Post Number:#16 by Amheiser
» 01 Jun 2016, 17:36

" . . . our understanding is limited by current knowledge, and that which is not believable today, may be believable in the future." I think this is an important idea that was explained really well in this book.

" . . .the idea of "survival of the strongest" whether due to disease, access to resources, or war". This is an interesting idea expressed in this book to explain the weeding out of the weak to make a population stronger.

"I found many of the ideas and themes to be fairly complex, but well explained." I agree with this statement.

: . . .changing the past to change the future". I like how this story included this idea.

" I found the theory of an alien "soul" living in us" a very interesting concept. " I agree with this statement.

The above are a number of statements that I found in prior posts that I agree with and find very interesting.

Post Number:#17 by afrakes
» 03 Jun 2016, 15:41

While I have not read this book yet, I came to this post to see the underlying religious themes in the book. From the reply, it looks as though it's not as big of a factor as I would have anticipated. This book is definitely going to be added to my "want to read" list. :)

Post Number:#18 by anneloretrujillo
» 13 Jun 2016, 16:17

I agree that some were easy and that some were difficult to understand. I thought some of the concepts were definitely thought-provoking, but others were completely unrealistic. I think the most interesting to me was the idea of the aliens being our consciousness.

Post Number:#19 by Kia
» 15 Jun 2016, 21:15

I really liked the idea that we only understand what we can see. If someone were to describe to us something we had never experienced we wouldn't believe them. Mostly though I found a lot of the ideas rather confusing.
"Yes, the past can hurt. But the way I see it you can either run from it, or learn from it."- Rafiki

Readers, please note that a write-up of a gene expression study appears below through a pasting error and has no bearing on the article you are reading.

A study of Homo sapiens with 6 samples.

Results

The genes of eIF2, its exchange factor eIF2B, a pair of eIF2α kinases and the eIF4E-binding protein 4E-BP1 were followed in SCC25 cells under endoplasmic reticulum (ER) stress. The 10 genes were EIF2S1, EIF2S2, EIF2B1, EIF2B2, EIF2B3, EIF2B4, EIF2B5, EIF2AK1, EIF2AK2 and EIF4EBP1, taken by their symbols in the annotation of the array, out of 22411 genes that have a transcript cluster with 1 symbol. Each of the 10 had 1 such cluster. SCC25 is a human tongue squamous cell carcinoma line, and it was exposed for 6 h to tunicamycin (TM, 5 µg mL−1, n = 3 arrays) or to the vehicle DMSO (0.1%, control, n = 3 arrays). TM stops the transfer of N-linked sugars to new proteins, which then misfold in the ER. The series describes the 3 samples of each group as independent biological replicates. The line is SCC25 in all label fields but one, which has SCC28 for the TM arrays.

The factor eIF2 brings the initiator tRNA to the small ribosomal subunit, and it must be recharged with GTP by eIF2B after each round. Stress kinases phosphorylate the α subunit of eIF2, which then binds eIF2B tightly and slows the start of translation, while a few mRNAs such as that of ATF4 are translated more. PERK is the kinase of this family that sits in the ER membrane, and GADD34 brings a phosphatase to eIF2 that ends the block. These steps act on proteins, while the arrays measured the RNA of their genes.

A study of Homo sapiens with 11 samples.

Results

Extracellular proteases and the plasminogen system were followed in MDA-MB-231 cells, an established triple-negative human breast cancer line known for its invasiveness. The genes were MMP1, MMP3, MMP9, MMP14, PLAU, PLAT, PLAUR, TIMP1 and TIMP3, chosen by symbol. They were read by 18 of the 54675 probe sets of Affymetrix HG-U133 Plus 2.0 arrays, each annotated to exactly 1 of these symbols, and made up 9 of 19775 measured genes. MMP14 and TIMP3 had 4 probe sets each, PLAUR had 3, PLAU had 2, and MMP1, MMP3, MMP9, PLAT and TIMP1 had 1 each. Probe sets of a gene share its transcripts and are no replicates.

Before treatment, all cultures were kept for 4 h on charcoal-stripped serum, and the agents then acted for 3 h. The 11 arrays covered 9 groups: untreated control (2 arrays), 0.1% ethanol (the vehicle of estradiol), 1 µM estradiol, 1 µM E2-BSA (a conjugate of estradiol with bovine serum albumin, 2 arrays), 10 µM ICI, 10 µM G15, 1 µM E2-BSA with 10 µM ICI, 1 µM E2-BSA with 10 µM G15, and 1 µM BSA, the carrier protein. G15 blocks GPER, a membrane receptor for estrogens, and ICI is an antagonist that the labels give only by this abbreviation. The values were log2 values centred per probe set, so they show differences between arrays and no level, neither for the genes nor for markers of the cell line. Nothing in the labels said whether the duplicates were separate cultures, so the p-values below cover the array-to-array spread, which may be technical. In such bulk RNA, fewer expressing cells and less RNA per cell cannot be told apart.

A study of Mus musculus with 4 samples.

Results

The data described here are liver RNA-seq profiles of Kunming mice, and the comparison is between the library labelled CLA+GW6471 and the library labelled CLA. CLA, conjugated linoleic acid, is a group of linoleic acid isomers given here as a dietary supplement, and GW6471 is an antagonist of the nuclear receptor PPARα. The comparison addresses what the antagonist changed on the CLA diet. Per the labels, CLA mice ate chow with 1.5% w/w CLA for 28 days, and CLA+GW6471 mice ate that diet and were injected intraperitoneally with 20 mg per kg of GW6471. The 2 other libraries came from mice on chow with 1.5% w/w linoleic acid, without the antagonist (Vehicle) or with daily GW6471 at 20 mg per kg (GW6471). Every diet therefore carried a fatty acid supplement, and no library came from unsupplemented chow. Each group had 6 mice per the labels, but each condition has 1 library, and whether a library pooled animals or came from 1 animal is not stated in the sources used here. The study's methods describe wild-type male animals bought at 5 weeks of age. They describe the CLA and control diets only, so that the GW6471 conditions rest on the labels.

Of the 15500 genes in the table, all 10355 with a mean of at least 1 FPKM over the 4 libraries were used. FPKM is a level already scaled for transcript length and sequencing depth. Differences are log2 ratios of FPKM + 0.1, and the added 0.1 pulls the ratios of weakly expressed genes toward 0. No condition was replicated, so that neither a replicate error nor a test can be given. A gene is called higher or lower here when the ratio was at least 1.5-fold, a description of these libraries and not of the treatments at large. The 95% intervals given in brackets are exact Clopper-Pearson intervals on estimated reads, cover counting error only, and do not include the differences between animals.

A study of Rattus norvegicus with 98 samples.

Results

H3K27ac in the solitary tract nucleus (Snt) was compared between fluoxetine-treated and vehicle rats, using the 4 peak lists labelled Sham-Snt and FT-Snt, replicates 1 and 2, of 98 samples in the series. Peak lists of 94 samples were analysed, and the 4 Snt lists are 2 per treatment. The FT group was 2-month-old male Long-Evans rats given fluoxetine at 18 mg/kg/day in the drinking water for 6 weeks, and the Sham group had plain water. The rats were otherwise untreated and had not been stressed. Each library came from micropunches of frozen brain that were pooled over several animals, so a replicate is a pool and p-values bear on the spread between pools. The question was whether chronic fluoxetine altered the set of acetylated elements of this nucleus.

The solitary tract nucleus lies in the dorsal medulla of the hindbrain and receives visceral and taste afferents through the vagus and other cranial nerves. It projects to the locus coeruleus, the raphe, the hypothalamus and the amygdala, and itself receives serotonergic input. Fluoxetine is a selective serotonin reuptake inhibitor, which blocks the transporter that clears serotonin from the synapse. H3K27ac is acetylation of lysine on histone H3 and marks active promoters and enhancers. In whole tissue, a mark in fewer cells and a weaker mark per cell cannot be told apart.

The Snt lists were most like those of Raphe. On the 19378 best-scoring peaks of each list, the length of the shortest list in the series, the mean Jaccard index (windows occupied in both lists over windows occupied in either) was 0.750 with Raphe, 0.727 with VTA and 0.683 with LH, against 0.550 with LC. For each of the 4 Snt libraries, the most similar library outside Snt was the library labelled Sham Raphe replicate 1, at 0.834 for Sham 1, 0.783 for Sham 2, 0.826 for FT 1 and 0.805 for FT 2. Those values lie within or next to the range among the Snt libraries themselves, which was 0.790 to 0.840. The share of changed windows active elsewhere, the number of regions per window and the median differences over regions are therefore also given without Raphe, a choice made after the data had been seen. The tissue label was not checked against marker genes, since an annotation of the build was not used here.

Post Number:#20 by Mares Nest
» 04 Jul 2016, 11:19

This book did make me wonder. I mean, just read the title, it's bound to make your head go places. And I think that's the best thing about reading, it opens you to new possibilities and ideas.

Post Number:#21 by rssllue
» 29 Jul 2016, 23:11

Sarah G wrote:The part with the Black Death having concious thoughts for me was a bit too much for me. I think this is because it's one of the concepts I actually know well.

However the section about changing the past was more agreeable because I didn't know as much about the subject to now of any arguments against it.

I did like that fact the book questioned old theories in a way. It made a lot more interesting compared to other similar books.

I think that questioning old theories can be a good thing because they should stand up to scrutiny if they are strong to begin with. I believe that we have way too many theories out there that are just taught and taken as fact when they have never really been proven. We as a species tend to fall into groupthink way too easy at times because of social pressures and the like. Truth is often difficult to find and admit to in our experiences in this day and age.
~ occupare fati suffocavit

I will both lay me down in peace, and sleep: for Thou, LORD, only makest me dwell in safety. ~ Psalms 4:8

Post Number:#22 by CrescentMoon
» 30 Jul 2016, 18:19

I definitely think this book is not a light-read and is a thinker. I loved the whole contemplation about reality and perception of reality. That actually reminds me a lot of Twilight Zone episodes where what we think is real may actually not be. And it really makes me question what actually is real or not. I do enjoy thinking about these themes. I definitely think the author did a great job getting the reader to think and question.

Post Number:#23 by Naval Aulakh
» 09 Jul 2017, 04:22

It was a mixed experience for me. Some of the themes were easy to understand but some were really difficult.